CBT was developed by Aaron Beck in the 1970's as an alternative to the psychoanalytical therapies that have dominated psychotherapy for so long. CBT is a way of looking at your thought processes and finding ways to challenge and change them to something healthier and more functional.

CBT has been widely used with the NHS as a short term therapy, often 4-6 sessions lasting perhaps 30 minutes using lots of forms to bring about this change. Unfortunately, this approach will often leave clients/patients feeling frustrated and unresolved, as CBT tends to focus on how you are today, and not what happened yesterday (or five years ago).

An example of this was a client I saw many years ago. She was suffering from bad anxiety. She had seen her GP, been given medication, seen a couple of CBT/Wellbeing workers, all to no avail. She continued to suffer from anxiety despite the attention she received. She turned up to see me, frustrated at her lack of progress (she also thought she was a bad client). I was the first person to ask when her anxiety started - it had been two years ago when she was mugged by someone in the street. Subsequently she had been anxious about going out, had lost her confidence to cope. Everyone else had been treating the symptoms (the danger with the CBT approach), rather than the cause. We worked through what had happened, and after a few sessions, she was OK.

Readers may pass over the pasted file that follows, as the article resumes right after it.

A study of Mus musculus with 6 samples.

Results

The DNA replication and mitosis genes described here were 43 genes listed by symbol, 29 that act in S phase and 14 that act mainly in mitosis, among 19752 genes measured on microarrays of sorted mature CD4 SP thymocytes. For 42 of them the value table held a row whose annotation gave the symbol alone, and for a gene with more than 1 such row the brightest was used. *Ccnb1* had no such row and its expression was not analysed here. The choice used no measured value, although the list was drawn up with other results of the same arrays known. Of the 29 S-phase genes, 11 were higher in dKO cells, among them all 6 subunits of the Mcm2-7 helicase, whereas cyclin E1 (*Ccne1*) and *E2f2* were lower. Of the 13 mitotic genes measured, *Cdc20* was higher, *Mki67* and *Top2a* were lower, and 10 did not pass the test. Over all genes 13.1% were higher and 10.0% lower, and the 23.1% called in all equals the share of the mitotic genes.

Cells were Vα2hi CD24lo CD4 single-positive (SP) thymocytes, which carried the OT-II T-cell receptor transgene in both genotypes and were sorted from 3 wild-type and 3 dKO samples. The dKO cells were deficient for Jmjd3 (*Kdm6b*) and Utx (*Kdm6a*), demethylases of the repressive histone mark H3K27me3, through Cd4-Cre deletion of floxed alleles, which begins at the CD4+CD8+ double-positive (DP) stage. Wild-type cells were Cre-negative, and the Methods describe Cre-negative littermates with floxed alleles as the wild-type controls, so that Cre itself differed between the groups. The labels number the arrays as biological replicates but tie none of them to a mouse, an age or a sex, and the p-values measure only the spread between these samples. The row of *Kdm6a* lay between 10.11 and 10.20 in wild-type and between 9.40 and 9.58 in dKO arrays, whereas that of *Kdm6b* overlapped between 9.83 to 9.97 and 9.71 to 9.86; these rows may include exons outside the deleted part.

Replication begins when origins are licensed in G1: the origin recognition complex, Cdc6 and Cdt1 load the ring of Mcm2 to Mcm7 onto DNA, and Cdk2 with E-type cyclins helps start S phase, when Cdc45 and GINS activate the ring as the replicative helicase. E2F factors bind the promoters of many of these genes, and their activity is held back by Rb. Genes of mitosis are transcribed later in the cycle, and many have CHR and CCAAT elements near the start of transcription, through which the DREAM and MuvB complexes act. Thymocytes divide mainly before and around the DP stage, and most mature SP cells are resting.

Originally CBT was designed as a medium term therapy, perhaps lasting up to a year. This would give the therapist and client time to develop a relationship (most important aspect of therapy), and then start to work through the problems using CBT techniques.

I use CBT in my work. I think it is a great tool to use, and for clients to learn. However, I am an integrative therapist - I draw from lots of therapeutic models to help clients the way I feel would be best. Therefore I do not use CBT exclusively in my sessions, but integrated into my way of working. I believe that it is important to discuss what has happened, what has brought a client to my office, and then go from there.

If you would like to get more information about me, CBT and therapy in general, please let me know.